What does it take to lead in a time of crisis? On May 12, the Roosevelt University Women’s Leadership Council invited four prominent business leaders to discuss how they are guiding their organizations through the pandemic. More than 430 people registered for the virtual event.
“I earnestly believe that women lead differently,” said Roosevelt trustee and alumna Vicki Fuller (BS ’79), who moderated the discussion. “Our approach is sorely needed during the worst crisis many of us have experienced in our lifetimes.”
The leadership journey
During the webinar, the panelists offered insight into their paths to their current roles.
Sharon Ramalho drew on her 35 years of experience with one of the most recognized global brands as the retired senior vice president and chief people officer of McDonald’s Canada. She stressed the importance of finding a mentor who can support your growth.
“Don’t be afraid to ask your peers for constructive criticism,” Ramalho said. “Really learn how to listen.”
Panelist Melissa Bean (BA ’02) is the chief executive officer of Mesirow Financial Wealth Advisors. During her three terms in the U.S. House of Representatives, she was known in Congress and the business community as the “go-to” leader for practical, nonpartisan policy.
“Being that go-to person in the office shows that your peers can rely on you,” said Bean. “When others know they can rely on you, more opportunities come up.”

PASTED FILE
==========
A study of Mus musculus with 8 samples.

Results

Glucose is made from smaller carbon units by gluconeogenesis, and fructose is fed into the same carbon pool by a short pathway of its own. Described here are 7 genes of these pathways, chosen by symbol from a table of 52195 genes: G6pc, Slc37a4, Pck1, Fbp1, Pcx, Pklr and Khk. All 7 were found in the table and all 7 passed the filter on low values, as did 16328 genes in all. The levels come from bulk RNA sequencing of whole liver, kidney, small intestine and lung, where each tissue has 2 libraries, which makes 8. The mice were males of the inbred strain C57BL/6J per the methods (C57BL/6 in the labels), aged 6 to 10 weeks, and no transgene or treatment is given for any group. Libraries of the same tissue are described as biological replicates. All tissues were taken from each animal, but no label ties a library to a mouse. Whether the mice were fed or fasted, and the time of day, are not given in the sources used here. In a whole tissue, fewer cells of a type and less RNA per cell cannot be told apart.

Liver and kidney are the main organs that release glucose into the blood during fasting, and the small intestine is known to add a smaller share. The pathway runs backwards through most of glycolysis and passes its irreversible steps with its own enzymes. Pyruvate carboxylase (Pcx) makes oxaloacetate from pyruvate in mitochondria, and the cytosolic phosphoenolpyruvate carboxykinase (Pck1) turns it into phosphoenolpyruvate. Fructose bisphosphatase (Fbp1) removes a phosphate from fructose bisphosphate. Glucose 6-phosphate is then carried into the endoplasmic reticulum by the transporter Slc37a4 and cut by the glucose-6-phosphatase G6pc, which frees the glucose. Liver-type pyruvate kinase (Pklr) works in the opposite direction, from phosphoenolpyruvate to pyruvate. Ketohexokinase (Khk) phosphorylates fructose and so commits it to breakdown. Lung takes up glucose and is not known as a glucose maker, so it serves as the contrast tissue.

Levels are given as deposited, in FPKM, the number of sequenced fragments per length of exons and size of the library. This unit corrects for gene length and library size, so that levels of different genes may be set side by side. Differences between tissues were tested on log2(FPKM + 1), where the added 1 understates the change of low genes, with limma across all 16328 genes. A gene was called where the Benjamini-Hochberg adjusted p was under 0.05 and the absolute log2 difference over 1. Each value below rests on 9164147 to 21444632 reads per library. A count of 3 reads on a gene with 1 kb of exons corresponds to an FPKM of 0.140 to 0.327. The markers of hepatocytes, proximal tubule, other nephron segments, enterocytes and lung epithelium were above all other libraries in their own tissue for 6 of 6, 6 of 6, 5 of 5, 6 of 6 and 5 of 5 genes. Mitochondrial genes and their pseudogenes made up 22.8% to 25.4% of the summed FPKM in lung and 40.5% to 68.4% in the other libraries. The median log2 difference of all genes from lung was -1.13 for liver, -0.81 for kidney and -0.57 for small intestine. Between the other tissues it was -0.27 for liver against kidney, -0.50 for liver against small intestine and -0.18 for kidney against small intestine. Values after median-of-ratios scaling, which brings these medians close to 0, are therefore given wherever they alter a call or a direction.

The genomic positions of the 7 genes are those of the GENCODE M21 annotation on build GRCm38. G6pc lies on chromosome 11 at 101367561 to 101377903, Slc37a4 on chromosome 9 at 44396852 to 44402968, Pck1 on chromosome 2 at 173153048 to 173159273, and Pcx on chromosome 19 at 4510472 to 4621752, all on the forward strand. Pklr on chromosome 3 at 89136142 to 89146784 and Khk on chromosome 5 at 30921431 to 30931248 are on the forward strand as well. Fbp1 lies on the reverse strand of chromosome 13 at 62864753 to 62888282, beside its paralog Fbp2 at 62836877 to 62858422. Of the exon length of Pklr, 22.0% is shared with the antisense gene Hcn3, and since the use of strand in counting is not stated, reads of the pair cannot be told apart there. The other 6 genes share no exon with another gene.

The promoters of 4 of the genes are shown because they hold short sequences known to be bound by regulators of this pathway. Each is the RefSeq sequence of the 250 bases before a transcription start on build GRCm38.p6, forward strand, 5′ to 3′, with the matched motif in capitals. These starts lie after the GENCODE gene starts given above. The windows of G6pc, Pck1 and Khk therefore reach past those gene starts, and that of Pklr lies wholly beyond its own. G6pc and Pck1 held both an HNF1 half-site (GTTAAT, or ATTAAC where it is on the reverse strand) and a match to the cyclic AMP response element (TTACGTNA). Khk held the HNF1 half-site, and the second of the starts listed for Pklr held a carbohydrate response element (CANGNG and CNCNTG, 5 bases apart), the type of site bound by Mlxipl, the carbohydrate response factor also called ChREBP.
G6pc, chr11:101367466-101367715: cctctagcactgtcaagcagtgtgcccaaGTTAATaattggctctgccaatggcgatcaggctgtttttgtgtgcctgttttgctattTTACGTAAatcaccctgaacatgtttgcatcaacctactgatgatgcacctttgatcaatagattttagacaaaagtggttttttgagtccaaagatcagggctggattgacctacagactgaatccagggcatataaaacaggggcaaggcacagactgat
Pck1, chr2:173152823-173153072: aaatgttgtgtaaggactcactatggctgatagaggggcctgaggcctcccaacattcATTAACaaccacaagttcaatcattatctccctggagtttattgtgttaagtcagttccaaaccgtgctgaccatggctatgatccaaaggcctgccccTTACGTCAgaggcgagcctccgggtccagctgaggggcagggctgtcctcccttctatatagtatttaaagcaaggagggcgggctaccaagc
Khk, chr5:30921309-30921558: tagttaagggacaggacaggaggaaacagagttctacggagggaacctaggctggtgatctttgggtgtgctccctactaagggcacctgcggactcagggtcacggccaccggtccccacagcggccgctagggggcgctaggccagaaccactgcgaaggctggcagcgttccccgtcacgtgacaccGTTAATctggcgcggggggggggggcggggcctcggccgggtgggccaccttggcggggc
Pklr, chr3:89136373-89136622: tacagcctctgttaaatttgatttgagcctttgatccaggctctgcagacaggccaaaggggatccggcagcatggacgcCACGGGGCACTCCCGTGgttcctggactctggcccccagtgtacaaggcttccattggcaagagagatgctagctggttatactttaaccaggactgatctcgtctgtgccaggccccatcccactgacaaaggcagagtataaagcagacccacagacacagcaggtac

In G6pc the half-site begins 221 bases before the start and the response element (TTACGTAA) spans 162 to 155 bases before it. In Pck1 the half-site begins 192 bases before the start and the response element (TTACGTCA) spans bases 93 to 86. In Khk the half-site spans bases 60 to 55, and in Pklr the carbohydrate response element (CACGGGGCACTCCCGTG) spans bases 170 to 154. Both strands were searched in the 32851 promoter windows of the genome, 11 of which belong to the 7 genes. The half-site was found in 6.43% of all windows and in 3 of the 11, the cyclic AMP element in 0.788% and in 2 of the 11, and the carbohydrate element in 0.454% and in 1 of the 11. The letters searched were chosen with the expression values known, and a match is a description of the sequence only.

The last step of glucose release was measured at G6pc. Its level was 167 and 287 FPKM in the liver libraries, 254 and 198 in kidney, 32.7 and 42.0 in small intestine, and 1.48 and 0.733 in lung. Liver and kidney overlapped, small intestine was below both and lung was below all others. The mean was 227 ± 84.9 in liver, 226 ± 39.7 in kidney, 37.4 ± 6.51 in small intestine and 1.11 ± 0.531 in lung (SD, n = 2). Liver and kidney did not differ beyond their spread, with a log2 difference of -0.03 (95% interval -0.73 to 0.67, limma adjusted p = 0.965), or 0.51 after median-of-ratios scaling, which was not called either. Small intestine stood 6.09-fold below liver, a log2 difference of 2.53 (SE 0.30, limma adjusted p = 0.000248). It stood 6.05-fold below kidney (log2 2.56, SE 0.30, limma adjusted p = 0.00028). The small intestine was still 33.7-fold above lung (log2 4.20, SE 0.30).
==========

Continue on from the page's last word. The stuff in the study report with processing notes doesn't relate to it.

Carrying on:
What makes a true leader?
Angela Miller-May serves as the chief investment officer of the Chicago Teachers’ Pension Fund, which serves more than 88,000 members and administers benefits of almost $1.5 billion a year. She reflected on the importance of humility and thorough preparation on her journey to the top.
“Constantly prepare yourself,” Miller-May said. “No matter what the situation is, always be prepared.”
Bean’s advice to aspiring leaders was to think first, speak second. “Communication doesn’t mean speaking all the time,” she added. “It’s about facilitation.”
For Ramalho, successful leadership depends on more than pure logic — especially in times of crisis. “Leadership is leading with your head, your heart and your gut,” she said.
“Stepping Up to Lead was a great success,” said Roosevelt trustee Ann Ford, co-chair of the Council. “It addressed relevant and timely topics through engaging and experienced leaders. It also served the guiding principles of the Women’s Leadership Council, most acutely that of fostering personal and professional growth.”
Roosevelt’s New Book Club
On June 1, the Women’s Leadership Council is launching a book club to connect the Roosevelt community, discuss important topics and learn from each other. Our first book selection is Becoming by Michelle Obama.
To receive more information and join the discussion, contact us at firstname.lastname@example.org.